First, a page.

LONDON – If Theresa May has gotten any sleep in the past 24 hours, her spokesman wouldn’t know; he never asks.
The 60-year-old prime minister was kept informed of events in Manchester all through Monday night. At 4 a.m., she called Labour Party leader Jeremy Corbyn to agree to suspend their campaign for the June 8 general election following the deadliest terrorist attack on British soil since 2005.
Through the next day, May twice chaired the government’s COBRA emergency committee, visited the Manchester police’s situation room and stopped by the city’s children’s hospital. On Tuesday night, she announced a plan to deploy the military to guard concerts and sporting events against another attack that she warned could be imminent.
A prime minister who had appeared tetchy and defensive on Monday as she denied missteps in her election campaign was recast as a national leader. Among senior British politicians, May has the most experience dealing with terrorism. For six years as home secretary, she decided whether to sign interception warrants requested by the Security Service, MI5, as it tracked and tried to foil terrorist plots.
“All acts of terrorism are cowardly attacks on innocent people,” she said as she stood outside her No. 10 Downing St. office. “But this attack stands out for its appalling, sickening cowardice, deliberately targeting innocent, defenseless children and young people who should have been enjoying one of the most memorable nights of their lives.”
The suicide attack in Manchester, at a pop concert geared to young people, claimed at least 22 lives and left some 59 injured. The tragedy was the latest in a series of attacks to traumatize Europe over the past two years. It also underscored the unintended consequences of a Brexit vote that may threaten U.K. security ties with EU allies.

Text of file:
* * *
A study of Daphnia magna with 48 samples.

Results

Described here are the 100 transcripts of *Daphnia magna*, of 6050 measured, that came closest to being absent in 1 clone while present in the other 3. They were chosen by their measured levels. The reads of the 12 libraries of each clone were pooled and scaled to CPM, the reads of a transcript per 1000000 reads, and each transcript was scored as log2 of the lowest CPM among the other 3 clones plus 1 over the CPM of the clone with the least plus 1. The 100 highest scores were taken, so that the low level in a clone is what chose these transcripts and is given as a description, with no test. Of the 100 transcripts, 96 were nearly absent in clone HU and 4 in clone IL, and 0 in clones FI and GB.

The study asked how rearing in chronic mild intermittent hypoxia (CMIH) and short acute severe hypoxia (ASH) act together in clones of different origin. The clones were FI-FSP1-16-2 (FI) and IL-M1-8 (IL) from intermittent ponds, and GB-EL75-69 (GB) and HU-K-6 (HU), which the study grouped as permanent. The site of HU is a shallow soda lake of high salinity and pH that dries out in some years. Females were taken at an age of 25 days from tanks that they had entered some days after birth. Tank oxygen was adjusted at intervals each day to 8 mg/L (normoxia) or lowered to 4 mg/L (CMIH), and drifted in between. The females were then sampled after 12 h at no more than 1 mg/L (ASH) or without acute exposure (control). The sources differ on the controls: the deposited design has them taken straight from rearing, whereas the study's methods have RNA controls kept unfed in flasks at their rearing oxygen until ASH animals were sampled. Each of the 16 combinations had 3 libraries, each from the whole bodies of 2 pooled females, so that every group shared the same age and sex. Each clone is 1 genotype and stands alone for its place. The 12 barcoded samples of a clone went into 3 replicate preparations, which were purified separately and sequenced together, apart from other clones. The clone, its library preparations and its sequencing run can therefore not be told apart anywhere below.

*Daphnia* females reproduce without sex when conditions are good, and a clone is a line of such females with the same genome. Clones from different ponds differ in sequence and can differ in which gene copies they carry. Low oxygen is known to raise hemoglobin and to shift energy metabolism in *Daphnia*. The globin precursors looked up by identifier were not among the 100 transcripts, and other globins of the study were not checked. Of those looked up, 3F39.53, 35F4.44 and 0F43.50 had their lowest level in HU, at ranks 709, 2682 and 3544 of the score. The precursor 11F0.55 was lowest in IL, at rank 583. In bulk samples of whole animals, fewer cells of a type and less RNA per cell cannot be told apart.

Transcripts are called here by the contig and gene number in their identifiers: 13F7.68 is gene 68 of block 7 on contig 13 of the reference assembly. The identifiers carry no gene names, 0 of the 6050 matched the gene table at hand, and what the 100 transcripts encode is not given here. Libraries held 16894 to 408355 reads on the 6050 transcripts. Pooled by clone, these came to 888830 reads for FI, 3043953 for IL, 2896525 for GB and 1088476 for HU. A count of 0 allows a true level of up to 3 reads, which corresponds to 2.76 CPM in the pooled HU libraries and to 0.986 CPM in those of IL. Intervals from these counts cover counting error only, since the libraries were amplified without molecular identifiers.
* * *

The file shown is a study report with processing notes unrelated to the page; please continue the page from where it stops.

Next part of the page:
British politicians aren’t above using such events for political ends. In 2007, as Gordon Brown contemplated calling a snap election to secure his own position, he pointed to his handling of a series of failed terrorist attacks as evidence of his competence. He even invited the hero of one of the attacks, Glasgow baggage handler John Smeaton, to the Labour Party’s conference, so he could hail him in his speech. He didn’t call the election.
While the prime minister went about her official duties, other politicians had family to attend to. The daughters of the newly elected Labour mayor of Liverpool, Steve Rotheram, were at the Ariana Grande concert when it was attacked. Liberal Democrat leader Tim Farron said his four children all had friends there.
For Corbyn, the test was a professional one. The Labour leader wants voters to make him prime minister in less than three weeks, and his response needed to help them picture him in the role. “This is an appalling act of violence against people, and it must be totally and unreservedly and completely condemned,” he said. “We must support those people who have suffered so much. In these circumstances we have to come together.”
Corbyn’s situation was made more sensitive by his past political positions. Early editions of Tuesday morning’s Sun newspaper — printed before the Manchester attack — carried the front page headline “Blood On His Hands.” Inside was an article by a former member of the Irish Republican Army who accused Corbyn of being a “cheerleader” for his movement in the 1980s. The Labour leader denies this, saying he met Irish republicans in an effort to promote peace.
It is not clear when political campaigning will resume or what effect the attack will have. A week before the 2016 referendum on European Union membership, an anti-Brexit member of parliament, Jo Cox, was murdered by a white supremacist. The Brexit side still won.
The attack could reinforce May’s message that she is a strong leader in dangerous times, or it could bolster Corbyn’s that the U.K. has made the risk of terrorism greater by fighting wars in the Middle East that it should have stayed out of. Although, as details emerge about the attack, there are perils for May if questions are thrown up over those responsible for keeping the public safe.
“After an event like this voters tend to go with continuity,” Wyn Grant, professor of politics at Warwick University, said in a telephone interview. “It now really becomes a question of leadership.”